Monday, December 13, 2010

How to Avoid Getting HACKED!

image courtesy of

Staying secure on the Interwebs can be difficult. There are a lot of people out there who know a LOT more about computers than I do, but since I'm paranoid about getting hacked, I figured I would share my 2 cents worth about keeping your information secure online.

Step 1) Have a STRONG password. This is where most people fail and it is hands-down the biggest threat to anyone getting hacked. A Brute Force attack on your password becomes completely unnecessary when the hacker can simply guess your password.

Here's a list of common passwords from Lifehacker.

image courtesy of

If you have a password like one of these, you will be hacked if you haven't been already. I highly recommend Password Meter as a basic tool to figure out where your current password stands. 

image courtesy of

Above is a screen shot of an example of a fairly strong password - I'm not worried that you can see how many characters it is, or even how many of certain types there are, because it scored 95%. It's that good. The original password scored 100% - unfortunately, many websites don't accept passwords with special characters like !@#$& so I wrote this password without them.

How many different characters should you include? How long should it be?
Again from Lifehacker, here is a table showing how long a Brute Force attack on your password would take, depending on the size and complexity of your password.

image courtesy of

As mentioned in the article, "Adding just one capital letter and one asterisk would change the processing time for an 8 character password from 2.4 days to 2.1 centuries."

Once you've assessed the strength of your password, you have a difficult decision to make.

Step 2) Decide how many passwords you can keep track of.

Ideally, you should have a different password for each website you log in to. Of course, that gets ridiculous and there is no way you'll be able to remember all those seemingly random combinations of numbers and letters. 

I evenly distribute my online presence over 3 master passwords. They're all practically un-hackable - as far as I know. Because I know I'm liable to get confused, I keep a list of passwords in a secure location, much like KeePass - except mine is a locally managed encrypted file on my already encrypted hard drive. To top it off, the file and folder are both "hidden" and only I know the filepath.

Step 3) Change your passwords every 6 months.

Have you ever been part of a computer network or a website that required you to change your password every 6 months? Every year? It seems like a huge inconvenience and most people just add a number to the beginning or the end. Bad idea. The IT gurus that run these networks and websites make you change your password for a reason;  it's a damn good idea. That's all. Instead of just adding a number - pull up Password Meter and write a brand new password. Add it to your KeePass vault. Then go and change all the other sites where you use that password.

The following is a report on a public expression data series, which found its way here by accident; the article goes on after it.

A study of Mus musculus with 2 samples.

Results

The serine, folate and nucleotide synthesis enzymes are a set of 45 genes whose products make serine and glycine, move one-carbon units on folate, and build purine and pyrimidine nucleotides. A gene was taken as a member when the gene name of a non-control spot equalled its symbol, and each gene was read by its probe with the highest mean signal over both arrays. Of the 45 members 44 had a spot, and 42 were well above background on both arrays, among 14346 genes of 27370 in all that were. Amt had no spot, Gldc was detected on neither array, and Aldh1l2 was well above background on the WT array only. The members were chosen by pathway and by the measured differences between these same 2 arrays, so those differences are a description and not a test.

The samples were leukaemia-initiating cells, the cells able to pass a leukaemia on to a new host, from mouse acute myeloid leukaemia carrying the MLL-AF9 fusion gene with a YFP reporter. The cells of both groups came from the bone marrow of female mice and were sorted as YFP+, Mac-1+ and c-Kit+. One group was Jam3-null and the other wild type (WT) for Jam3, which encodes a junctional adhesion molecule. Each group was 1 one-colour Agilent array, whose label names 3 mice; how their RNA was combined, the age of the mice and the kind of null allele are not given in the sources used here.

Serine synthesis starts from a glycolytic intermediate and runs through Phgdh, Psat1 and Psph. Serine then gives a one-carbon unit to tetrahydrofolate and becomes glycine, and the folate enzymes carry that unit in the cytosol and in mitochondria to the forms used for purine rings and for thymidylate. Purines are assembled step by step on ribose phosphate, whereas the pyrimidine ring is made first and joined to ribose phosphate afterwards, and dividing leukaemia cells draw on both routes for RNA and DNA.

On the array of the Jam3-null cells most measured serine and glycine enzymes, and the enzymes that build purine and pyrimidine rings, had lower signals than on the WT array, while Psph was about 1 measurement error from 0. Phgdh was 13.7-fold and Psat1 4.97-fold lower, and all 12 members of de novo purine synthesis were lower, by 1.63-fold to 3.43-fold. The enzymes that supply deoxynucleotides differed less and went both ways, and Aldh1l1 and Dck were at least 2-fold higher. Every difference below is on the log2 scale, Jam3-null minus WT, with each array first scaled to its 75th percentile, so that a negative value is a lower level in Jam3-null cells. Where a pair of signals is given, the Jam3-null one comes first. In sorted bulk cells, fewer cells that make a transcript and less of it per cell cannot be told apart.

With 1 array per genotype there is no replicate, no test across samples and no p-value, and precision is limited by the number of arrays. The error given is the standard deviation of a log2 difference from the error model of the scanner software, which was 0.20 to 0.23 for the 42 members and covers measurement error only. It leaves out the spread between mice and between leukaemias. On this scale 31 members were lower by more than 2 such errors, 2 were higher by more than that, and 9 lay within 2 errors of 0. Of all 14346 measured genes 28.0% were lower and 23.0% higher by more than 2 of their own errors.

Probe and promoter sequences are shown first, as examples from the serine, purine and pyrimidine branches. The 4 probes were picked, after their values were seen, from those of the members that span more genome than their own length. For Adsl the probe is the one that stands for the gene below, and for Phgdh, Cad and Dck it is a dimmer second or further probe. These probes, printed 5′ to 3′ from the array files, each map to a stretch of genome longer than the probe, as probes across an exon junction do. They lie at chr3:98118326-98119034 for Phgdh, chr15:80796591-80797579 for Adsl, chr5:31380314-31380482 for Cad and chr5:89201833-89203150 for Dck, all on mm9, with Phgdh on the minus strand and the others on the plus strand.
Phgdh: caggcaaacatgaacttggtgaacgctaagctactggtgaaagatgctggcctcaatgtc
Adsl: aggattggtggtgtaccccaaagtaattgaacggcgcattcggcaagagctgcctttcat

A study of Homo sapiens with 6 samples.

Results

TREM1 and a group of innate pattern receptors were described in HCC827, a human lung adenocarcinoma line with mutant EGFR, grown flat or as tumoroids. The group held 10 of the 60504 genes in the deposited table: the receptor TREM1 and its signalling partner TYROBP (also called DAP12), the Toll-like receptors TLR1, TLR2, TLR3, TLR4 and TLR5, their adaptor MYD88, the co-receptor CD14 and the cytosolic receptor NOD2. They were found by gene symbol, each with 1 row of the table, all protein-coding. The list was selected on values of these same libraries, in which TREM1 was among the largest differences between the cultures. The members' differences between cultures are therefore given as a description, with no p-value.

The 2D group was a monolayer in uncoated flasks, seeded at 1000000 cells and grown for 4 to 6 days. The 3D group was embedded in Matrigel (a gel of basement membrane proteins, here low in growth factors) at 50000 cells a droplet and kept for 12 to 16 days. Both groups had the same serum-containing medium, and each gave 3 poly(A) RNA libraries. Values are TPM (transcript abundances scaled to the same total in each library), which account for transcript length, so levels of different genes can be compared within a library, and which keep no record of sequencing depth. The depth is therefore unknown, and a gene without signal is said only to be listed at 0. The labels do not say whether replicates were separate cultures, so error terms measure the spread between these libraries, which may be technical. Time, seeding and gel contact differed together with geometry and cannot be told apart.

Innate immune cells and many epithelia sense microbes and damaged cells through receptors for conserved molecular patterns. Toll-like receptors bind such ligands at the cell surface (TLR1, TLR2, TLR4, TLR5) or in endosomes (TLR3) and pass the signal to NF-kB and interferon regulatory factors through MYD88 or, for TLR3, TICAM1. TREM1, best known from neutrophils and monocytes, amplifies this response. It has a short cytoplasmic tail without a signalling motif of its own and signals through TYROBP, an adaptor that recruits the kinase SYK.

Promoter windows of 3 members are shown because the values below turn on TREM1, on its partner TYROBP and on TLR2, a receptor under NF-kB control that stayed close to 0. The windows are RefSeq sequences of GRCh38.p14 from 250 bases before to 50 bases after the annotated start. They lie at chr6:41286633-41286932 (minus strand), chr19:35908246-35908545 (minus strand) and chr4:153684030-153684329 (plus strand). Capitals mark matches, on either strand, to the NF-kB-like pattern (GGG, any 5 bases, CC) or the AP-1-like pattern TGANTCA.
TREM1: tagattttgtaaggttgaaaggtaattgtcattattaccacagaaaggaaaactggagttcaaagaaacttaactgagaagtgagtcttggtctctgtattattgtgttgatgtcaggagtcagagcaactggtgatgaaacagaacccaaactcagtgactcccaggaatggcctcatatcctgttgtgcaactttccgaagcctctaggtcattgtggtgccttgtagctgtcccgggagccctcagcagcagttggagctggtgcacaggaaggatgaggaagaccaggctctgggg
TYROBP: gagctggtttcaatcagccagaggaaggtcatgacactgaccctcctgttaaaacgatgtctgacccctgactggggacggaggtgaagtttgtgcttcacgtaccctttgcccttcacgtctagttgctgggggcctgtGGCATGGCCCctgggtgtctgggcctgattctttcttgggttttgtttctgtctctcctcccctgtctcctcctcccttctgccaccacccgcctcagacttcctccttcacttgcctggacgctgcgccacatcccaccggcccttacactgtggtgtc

Some quick ideas for good password security: 

A) Don't use words in your first language. If you have to - don't spell them correctly. I have had passwords in German, Spanish, English and Russian. 
B) Use "leetspeak" - Instead of writing with all letters, replace occasional letters with numbers and symbols: Password becomes P455w0rD, Hello becomes |-|31lo
C) Come up with a meaning for your password. Incorporate the numbers into this meaning will make your password much easier to remember.
D) Use several different passwords and change them often.

Step 4) Use secure connections whenever possible. If you use a VPN or if your website offers a secure (HTTPS instead of HTTP) connection, use it. Your speed may suffer a little, but the added security is well worth the effort.

Step 5) Routinely check your computer for viruses and other malware. If you find any nasty programs on your computer, change your password ASAP. Many of these malicious programs contain keystroke loggers that record your user name/password combos. You don't want that information floating around.

Step 6) Don't ever tell anyone your passwords! No respectable company will ask for your password online - so don't be fooled by Phishing scams. You haven't won the lottery, you don't need to verify your account, and some random dude isn't going to give you a bunch of free money if you send him a check today. Steer clear of these!

What tips/tricks do you have? What mistakes have you made in the past? What do your passwords score on the Password Meter?

Any questions or comments can be left in the "Comments" section below.